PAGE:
Word out of Washington this morning is that progressive and moderate Democrats have fashioned a compromise on health care reform acceptable to both camps. The odds for passage of a health care reform bill just went up. Yet, a formidable hurdle remains, and that is the Stupak amendment in the House version and the whole issue of abortion politics. A day earlier, the Senate voted to kill a similar amendment, but the 54-45 vote is considerably less than the 60 votes the Dems may need for ultimate passage of health care reform.
Should abortion politics factor into the debate at all? Majority leader Harry Reid apparently gave an impassioned floor speech, suggesting this bill is about health care access and is not, and should not be, about abortion rights or restrictions. It appears those crafting the legislation are bending over to ensure the bill will be abortion neutral: access to abortion is neither expanded nor restricted relative to the status quo, which begs the question: Is this the time and place for the pro-life movement to attempt inroads against Roe v Wade?
Front and center is the American Conference of Roman Catholic Bishops, who have historically been for health care reform but against abortion rights. Here is where the rubber meets the road. Will the bishops sacrifice universal health care on the altar of pro-life?
In a hard hitting post in National Catholic Weekly, Joe Ferullo blasts single-issue Bishops.
U.S. Catholic bishops are in danger of finding themselves on the sidelines of history, regarded as a single-issue constituency with no view toward the greater good … the bishops have the influence to help push through a change in public policy they have sought for decades: universal health care coverage. Instead, they have become enmeshed in abortion politics, threatening to undermine a bill that would help ten of millions.
The blog post refers to an column in the Los Angeles Times, which quotes Kathleen Kennedy Townsend:
“As Catholics, are we so laser-focused on the issue of abortion that we are willing to join the ‘tea-partyers’ and the like to bring down the healthcare reform bill? And at the enormous expense of million of Americans who suffer every day” without healthcare?
Thomas Rutten, the LA Times columnist, offers this summation:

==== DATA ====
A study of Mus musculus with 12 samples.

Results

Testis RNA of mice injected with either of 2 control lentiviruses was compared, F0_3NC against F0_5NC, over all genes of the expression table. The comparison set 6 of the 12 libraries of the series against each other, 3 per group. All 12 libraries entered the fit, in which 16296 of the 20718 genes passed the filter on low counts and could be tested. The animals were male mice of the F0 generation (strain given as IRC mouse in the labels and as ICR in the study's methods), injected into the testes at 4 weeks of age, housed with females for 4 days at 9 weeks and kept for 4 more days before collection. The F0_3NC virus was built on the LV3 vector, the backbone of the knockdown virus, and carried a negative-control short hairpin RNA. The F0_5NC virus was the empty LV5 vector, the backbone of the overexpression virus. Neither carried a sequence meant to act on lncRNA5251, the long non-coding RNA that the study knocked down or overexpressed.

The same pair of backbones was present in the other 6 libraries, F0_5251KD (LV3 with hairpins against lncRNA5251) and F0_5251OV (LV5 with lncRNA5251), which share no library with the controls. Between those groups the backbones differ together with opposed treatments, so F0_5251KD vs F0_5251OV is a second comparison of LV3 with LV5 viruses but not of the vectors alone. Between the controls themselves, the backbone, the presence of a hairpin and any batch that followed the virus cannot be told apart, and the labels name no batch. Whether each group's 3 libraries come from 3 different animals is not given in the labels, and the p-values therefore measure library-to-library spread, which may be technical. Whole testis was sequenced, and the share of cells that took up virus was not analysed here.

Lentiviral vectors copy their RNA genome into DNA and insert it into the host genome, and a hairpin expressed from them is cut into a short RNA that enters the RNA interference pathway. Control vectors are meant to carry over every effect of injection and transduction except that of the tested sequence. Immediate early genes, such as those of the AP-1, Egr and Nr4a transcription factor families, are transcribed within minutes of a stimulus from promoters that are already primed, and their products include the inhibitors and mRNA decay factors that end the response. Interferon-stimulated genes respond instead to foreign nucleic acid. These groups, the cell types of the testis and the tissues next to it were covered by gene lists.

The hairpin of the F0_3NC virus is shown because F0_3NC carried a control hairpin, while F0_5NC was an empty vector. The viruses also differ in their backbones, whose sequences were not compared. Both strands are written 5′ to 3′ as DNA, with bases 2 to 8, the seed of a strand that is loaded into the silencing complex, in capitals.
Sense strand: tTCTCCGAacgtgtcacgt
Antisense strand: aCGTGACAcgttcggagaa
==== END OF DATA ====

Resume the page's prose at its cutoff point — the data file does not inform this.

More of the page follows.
[If the bishops] abandon their church’s historic support for universal healthcare, rather than accept an abortion compromise that preserves a 33-year-old status quo, they’ll have done more than turn themselves into a single-issue constituency. They’ll have broken with a long tradition of not disdaining what is inarguably good in pursuit of unattainable perfection, which has been a hallmark of modern Catholicism’s contribution to American politics.
The tea party rabble can be dismissed as unthinking know-nothings (“Father forgive them, for they know not what they do.”) We expect more reasoned pragmatism from an esteemed body such as the Conference of Bishops.
Congresswoman Lois Capps is right in the middle of the efforts to keep the health care reform bill “abortion neutral”. Today she offered an op-ed piece to suggest the bill (read Stupak amendment) has been hijacked by those with a pro-life agenda to add restrictions to abortion access beyond what exists in the current status quo. Here is a portion, but I commend her entire piece.
I didn’t believe that health reform legislation was the place to promote either a pro-choice or anti-choice agenda. The focus needs to be on getting insurance to the nearly 50 million Americans without it and ensuring stability of coverage for the rest of us.
Unfortunately, the Stupak-Pitts amendment that replaced my amendment during House Floor consideration goes well beyond the status quo and is in no way the simple extension of the Hyde amendment its proponents claim. It would result in a major step backwards for women’s control over their reproductive lives.
We need to strike a balance on this issue so health reform isn’t a casualty of divisive abortion politics. That’s what my amendment did and that’s what the Senate bill proposes. Congress would be wise to send the President a bill reflecting this common ground approach and I will work hard to see that happens.